West Wycombe House at risk from high-speed rail link?

West Wycombe House

Concerns have been raised that the proposed route of the £34bn Network Rail project to provide a high-speed link to Scotland will severely compromise many areas of natural beauty and a large number of listed buildings including the setting of the Grade-I listed West Wycombe Park in Buckinghamshire.

The main problem lies in the fact that to achieve high speeds, the 1,500 miles of railway lines would need to be laid in the most direct line between two locations.  This would mean that the line would simply carve through the landscape, destroying areas of Special Scientific Interest and unspoilt countryside in the heart of the Chilterns such as the Misbourne valley.

One proposal of particular concern is to build tunnels beneath High Wycombe but the Chilterns Conservation Board (CCB) fear that the tunnel would surface near the historic village of West Wycombe – threatening the  stunning setting of the architecturally important West Wycombe House.  The Italianate-style house with it’s rococo gardens were built by Sir Francis Dashwood – of Hellfire Club fame – over a period of 60 years from 1740. The defining exterior feature is the rare double colonnade (see picture) which was certainly inspired by Palladio’s work in Italy such as the Palazzo Chiericati which Dashwood would have seen on his Grand Tour.  Further Palladian and neo-Classical flourishes in both the house and parkland make this house worthy of protection from crude spoilation by the planners.

More details: ‘High speed rail line will blight Chilterns‘ [Chilterns AONB]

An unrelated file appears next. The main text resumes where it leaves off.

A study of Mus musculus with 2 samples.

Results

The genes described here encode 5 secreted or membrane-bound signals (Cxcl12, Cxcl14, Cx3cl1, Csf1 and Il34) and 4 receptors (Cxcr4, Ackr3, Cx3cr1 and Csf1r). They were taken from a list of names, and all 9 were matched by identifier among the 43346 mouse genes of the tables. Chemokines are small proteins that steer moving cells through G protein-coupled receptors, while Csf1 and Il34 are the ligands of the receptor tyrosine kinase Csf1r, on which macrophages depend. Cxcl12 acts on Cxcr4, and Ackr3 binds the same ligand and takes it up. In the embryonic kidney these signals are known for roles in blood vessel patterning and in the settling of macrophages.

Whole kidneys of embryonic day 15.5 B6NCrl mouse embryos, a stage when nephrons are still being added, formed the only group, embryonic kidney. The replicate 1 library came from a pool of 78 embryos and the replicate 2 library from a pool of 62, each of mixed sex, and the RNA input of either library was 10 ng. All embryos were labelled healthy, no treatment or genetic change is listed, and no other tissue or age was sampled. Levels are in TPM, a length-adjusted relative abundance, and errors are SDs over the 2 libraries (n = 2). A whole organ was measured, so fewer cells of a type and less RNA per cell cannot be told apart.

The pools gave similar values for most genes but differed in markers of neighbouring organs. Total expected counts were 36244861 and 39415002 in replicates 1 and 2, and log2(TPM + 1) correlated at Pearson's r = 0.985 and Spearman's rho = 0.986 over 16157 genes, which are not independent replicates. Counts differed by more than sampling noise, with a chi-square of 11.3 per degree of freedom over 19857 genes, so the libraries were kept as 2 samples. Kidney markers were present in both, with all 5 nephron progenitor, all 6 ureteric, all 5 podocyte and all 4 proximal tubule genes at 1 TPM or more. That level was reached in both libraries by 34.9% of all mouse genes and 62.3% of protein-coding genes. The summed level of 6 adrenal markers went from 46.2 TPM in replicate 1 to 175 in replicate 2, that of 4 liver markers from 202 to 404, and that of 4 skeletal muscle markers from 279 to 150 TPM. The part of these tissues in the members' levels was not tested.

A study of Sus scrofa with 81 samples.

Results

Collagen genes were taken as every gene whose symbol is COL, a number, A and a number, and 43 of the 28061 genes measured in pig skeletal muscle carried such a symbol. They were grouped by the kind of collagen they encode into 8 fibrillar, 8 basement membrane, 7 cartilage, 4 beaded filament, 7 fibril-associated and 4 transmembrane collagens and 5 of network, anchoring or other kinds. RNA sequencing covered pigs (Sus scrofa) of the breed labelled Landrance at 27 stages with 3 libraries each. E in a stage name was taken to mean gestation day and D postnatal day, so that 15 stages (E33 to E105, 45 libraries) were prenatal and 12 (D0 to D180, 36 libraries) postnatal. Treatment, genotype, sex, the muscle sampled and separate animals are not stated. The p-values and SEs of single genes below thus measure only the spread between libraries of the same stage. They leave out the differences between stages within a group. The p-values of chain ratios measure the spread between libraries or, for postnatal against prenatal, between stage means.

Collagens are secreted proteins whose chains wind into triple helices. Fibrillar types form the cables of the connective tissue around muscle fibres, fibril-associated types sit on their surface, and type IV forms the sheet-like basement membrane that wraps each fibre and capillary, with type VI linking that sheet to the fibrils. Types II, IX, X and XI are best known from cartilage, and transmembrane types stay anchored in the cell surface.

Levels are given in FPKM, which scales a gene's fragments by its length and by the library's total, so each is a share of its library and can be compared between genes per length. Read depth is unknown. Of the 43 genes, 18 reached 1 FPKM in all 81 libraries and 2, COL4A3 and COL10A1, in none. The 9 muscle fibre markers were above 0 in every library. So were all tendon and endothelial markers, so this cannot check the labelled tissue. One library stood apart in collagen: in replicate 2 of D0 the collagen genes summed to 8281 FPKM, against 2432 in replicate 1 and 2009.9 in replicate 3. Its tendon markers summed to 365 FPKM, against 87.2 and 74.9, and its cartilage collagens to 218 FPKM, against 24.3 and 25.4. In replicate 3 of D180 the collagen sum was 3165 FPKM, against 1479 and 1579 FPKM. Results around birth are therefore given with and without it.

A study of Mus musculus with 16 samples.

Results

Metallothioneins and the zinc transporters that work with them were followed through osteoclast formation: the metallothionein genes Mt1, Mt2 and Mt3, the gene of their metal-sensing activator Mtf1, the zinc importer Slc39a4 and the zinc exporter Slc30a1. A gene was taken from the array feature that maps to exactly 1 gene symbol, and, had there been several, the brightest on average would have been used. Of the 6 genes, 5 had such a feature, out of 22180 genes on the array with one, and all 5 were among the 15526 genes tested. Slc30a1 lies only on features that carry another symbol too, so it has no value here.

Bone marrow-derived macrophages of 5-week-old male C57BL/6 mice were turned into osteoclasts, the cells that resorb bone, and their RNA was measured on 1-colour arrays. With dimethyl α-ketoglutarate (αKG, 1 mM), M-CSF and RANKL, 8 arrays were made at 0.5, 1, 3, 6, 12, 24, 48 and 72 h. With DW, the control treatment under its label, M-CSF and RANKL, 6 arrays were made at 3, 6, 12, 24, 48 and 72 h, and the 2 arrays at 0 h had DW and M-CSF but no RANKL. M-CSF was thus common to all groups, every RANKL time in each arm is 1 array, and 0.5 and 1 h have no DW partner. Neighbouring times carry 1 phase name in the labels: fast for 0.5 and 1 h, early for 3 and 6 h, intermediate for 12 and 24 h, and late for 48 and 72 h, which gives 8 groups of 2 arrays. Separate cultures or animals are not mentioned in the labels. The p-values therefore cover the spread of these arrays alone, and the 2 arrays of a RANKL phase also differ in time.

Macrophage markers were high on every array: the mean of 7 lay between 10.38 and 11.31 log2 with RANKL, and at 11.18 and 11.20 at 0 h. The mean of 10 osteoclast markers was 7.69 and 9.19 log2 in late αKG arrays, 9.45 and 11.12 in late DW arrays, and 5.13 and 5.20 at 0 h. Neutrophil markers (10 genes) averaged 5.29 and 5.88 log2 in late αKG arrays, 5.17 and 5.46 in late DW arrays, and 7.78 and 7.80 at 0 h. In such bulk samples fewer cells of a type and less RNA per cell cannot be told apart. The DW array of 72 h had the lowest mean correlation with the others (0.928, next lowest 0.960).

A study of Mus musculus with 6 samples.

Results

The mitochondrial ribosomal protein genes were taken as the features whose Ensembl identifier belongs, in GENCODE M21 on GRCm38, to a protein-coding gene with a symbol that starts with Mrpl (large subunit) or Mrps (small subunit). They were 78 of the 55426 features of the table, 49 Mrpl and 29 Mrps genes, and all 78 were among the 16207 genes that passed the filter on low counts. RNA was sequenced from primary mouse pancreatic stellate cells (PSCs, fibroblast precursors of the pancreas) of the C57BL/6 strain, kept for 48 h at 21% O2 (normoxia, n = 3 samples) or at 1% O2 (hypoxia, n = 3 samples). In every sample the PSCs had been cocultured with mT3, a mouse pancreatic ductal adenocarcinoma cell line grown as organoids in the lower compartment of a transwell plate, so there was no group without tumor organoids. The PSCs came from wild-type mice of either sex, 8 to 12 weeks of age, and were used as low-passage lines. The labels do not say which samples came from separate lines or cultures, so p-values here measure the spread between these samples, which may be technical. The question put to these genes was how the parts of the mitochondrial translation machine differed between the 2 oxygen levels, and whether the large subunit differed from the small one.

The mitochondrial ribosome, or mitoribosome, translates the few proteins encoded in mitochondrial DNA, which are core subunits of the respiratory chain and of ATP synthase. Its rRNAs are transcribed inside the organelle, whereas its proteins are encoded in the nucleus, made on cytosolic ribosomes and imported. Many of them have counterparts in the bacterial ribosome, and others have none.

4 thoughts on “West Wycombe House at risk from high-speed rail link?

  1. Osomec April 14, 2010 / 02:22

    I’m a country house lover, but we need new railway lines. There is no “unspoilt countryside” in England, all our landscapes are manmade, and the criteria for “special” scientific interest is absurdly low, it just means there are a few bugs or something.

  2. Andrew December 21, 2010 / 12:31

    Thanks, Bicou. But now the planned rail tracks cut through the rear landscape of Edgcote House in Oxfordshire, on the north-eastern side of its lake and new tree-lined waterway vista which are unlisted. Edgcote House is Grade I listed and was built in 1748-54 for Richard Chauncy, a wealthy London merchant, by architect William Jones, and featured in the 1995 BBC mini-series Pride and Prejudice as Netherfield Park. The house and 1,700 acres were
    sold in 2005 by Christopher Courage, owned by the brewing family since 1926, for £30m to David Allen of Bourne Leisure Holdings, the caravan park operator, with Allen earlier this year publishing a small book, Edgcote: Building an Eighteenth Century Country House, written by Sally Strutt, the historian at Edgcote House since 2006. Lets see if Allen challenges the track locations or just starts building a large embankment and planting more trees in his back garden.